Bowls can be turned from a round log cut to length or from a log split down the middle. What are the advantages or issues with each approach.—Anon
Claude Dupuis replies: Wood will always split at the pith. Best to split the log in two and get rid of it.
Peter James replies: Bowls turned from a round are basically a hollow spindle. Because the grain is not changing every 90° the grain pattern is circular around the bowl. Turning the outside is fairly easy like turning a spindle, but turning the inside is more difficult because it is all end-grain. Bows turned this way will shrink fairly evenly with limited distortion. One problem with this method is dealing with the pith in the center of the log. This is the soft center at the very center. One method is to remove it and replace it with a contrasting insert. Turning bowls from rounds is not the common method, but it is a method used to turn lidded boxes, hollow forms (wooden vases), and lampshades.
Bowls turned from a “half” section are more common. Because the grain is changing every 90° there are challenges dealing with tear-out, but proper technique and sharp tools can overcome this. Bowls can be turned with the bark side being the outside or ˝natural edge˝ with the bark side being the inside. Shrinkage is not even around the bowl with much greater shrinkage from the sides of the log than from the ends.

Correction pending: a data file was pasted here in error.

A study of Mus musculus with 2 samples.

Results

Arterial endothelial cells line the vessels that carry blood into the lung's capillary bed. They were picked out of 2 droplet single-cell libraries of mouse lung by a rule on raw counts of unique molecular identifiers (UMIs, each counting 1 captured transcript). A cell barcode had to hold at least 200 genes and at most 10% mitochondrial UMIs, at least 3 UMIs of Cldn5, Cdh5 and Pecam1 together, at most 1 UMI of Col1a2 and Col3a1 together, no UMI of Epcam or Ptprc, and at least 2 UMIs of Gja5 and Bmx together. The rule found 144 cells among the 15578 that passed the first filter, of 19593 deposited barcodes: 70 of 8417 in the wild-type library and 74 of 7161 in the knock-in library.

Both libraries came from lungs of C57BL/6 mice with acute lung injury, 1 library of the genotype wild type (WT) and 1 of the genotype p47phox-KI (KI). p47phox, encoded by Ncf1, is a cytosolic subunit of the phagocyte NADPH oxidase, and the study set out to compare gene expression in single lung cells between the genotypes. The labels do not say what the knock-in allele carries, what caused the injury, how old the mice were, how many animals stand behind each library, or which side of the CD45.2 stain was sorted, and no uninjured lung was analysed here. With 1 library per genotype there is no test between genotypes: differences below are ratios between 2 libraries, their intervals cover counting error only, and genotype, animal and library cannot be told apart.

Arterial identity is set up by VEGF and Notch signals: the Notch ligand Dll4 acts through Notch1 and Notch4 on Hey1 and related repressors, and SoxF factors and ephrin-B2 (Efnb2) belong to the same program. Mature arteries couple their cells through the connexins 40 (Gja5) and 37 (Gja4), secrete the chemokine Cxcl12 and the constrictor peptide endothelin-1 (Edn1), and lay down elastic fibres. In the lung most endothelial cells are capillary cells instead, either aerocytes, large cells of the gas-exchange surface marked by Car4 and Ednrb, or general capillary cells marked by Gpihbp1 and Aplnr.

If round, not oval, bowls are wanted, you can start with either a dry blank or use the twice turned method. A twice turned bowl is roughed out and then allowed to dry under controlled conditions. After the desired moisture content is reached, the bowl is then remounted and turned to the final shape. A once turned bowl from a green wood blank will yield bowl that is noticeably warped or distorted. Sometimes this is a desirable feature and is used such as when turning wooden hats.